Dr. Michael Salkin
Dr. Michael Salkin, Veterinarian
Category: Cat Veterinary
Satisfied Customers: 28935
Experience:  University of California at Davis graduate veterinarian with 45 years of experience.

Customer Question

I have a question about a 2 yr old cat that we have. Our vet calls it an ulcer that has come on her top lip, he has given her antibiotics, steroid shots every 2 weeks. It has not gone away. What else could we do for her . Thanks.
Submitted: 1 year ago.
Category: Cat Veterinary
Expert:  Dr. Michael Salkin replied 1 year ago.

A "rodent ulcer" is one of the symptoms of the eosinophilic granuloma complex. Lesions have been recognized in several cats of multicat households and experimental transmission was demonstrated from one area of a cat to another. Therefore, an infectious or allergic etiology has been suggested with lesions resulting from a hypersensitivity reaction caused by fleas or mosquitos, food, and contact or environmental allergens. Thus, in case of flea infestation, a strict flea control program should be started and a strict elimination diet should be attempted when an adverse food reaction is suspected as an underlying cause. Food intolerance/allergy is addressed with prescription hypoallergenic diets. These special foods contain just one novel (rabbit, duck, e.g.) animal protein or proteins that have been chemically altered (hydrolyzed) to the point that Kasey's immune system doesn't "see" anything to be allergic to. The over the counter hypoallergenic foods too often contain proteins not listed on the label - soy is a common one - and these proteins would confound our evaluation of the efficacy of the hypoallergenic diet. The prescription foods are available from her vet. There are many novel protein foods and a prototypical hydrolyzed protein food is Hill’s Prescription Diet z/d ultra (a hydrolyzed protein diet is my preference). A positive response is usually seen within a few weeks if we’ve eliminated the offending food allergen. Food intolerance can arise at any age and even after our patient has been eating the same food for quite some time.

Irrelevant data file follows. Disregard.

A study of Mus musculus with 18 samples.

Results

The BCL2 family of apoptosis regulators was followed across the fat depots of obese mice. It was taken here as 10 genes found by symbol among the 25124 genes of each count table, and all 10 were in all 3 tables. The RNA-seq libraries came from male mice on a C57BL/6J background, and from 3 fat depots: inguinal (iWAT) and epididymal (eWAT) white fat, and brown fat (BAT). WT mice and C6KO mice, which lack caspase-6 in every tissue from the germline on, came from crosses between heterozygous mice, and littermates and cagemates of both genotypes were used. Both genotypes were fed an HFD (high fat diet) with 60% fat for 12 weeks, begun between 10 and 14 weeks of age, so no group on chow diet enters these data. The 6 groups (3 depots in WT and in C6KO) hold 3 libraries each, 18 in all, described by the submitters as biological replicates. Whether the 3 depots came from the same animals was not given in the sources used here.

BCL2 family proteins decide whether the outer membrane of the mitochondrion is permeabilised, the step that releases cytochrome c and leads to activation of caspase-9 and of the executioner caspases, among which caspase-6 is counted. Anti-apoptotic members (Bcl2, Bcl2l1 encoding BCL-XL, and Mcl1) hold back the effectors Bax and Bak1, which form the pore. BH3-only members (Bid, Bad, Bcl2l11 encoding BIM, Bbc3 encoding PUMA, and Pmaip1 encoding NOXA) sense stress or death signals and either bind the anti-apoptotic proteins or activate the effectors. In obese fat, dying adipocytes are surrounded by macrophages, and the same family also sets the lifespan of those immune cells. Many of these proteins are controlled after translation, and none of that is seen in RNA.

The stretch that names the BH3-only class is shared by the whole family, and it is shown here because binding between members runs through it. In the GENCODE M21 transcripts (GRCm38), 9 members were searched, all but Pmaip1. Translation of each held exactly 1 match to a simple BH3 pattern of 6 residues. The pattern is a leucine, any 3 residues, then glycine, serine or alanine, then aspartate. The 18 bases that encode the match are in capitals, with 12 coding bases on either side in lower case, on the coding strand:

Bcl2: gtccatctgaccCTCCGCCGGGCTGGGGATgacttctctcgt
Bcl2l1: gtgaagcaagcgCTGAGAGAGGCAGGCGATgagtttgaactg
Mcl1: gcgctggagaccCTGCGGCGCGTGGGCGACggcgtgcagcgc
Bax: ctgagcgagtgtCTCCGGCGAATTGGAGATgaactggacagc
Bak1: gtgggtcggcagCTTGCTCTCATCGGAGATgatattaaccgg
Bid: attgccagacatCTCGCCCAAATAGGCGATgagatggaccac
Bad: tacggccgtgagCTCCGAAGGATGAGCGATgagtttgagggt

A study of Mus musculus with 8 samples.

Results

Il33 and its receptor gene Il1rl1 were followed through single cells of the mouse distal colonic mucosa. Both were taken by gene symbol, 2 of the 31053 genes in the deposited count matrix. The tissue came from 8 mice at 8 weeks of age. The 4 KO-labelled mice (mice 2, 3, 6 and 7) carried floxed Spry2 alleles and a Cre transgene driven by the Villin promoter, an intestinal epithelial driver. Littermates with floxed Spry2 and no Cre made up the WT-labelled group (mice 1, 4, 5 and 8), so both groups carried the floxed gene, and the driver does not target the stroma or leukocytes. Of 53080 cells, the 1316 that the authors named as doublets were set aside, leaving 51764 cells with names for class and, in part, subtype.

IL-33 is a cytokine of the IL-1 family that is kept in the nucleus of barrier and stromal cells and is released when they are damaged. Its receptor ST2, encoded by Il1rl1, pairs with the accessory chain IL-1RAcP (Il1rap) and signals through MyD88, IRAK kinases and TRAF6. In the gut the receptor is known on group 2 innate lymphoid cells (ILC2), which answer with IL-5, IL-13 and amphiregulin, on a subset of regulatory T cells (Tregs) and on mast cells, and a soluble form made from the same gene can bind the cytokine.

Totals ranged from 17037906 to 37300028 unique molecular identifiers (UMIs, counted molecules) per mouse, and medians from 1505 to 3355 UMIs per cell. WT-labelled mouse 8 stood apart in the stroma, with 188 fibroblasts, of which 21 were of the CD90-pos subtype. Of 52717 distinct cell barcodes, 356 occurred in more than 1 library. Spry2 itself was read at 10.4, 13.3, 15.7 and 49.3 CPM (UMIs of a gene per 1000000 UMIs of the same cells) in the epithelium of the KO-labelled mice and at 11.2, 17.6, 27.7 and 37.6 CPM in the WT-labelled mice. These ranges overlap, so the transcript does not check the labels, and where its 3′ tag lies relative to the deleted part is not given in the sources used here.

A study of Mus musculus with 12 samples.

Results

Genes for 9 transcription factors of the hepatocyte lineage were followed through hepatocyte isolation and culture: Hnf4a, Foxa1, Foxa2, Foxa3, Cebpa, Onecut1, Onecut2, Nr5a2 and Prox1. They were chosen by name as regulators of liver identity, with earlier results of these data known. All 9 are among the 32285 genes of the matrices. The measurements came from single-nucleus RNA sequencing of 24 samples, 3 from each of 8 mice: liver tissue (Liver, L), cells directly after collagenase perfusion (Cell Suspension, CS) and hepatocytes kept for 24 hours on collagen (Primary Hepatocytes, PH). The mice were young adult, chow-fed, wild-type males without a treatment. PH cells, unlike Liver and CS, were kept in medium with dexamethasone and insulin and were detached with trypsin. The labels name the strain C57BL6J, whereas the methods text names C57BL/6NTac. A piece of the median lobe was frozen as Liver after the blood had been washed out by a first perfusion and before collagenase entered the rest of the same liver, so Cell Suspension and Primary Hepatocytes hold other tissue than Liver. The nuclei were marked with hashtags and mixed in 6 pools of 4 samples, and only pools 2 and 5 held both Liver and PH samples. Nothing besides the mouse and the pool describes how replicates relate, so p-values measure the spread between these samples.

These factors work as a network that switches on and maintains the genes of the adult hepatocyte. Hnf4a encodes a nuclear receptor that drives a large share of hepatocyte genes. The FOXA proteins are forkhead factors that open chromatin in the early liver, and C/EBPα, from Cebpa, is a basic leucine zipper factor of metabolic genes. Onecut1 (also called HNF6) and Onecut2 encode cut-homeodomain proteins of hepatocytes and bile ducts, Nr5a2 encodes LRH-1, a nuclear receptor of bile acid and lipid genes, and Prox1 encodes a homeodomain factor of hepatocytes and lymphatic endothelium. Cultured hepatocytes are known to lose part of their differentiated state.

Conventional therapy is as you've noted...either injectable drugs (2mg/lb of methylprednisolone subcutaneously 2-3 times several weeks apart) or 0.5-1 mg/lb prednisolone orally every 12 hours initially for 1 week followed by tapering it to the lowest effective dose over a period of 4-8 weeks). Intralesional injection of triamcinolone is sometimes helpful. Oral cyclosporin may be an effective alternative to steroids and should be discussed with Kasey's vet. Surgical excision and laser therapy have also been suggested for single oral lesions. I rarely prescribe antibiotics but obvious secondary infection may be treated with potentiated amoxicillin at 6.4 mg/lb orally every 12 hours for 2-3 weeks.

Please respond with further questions or concerns if you wish.

Expert:  Dr. Michael Salkin replied 1 year ago.
I'm just following up on our conversation about your pet. How is everything going?
Dr. Michael Salkin
Customer: replied 1 year ago.
We bought some hill sçience diet wet food and dry food, and took away the Fancy Feast. I think she is better, the ulcer eems to be smaller and drying up. We haven't taken her back for any more shots. Thank you for your concern.
Expert:  Dr. Michael Salkin replied 1 year ago.

Thank you for the good update. I never argue with success.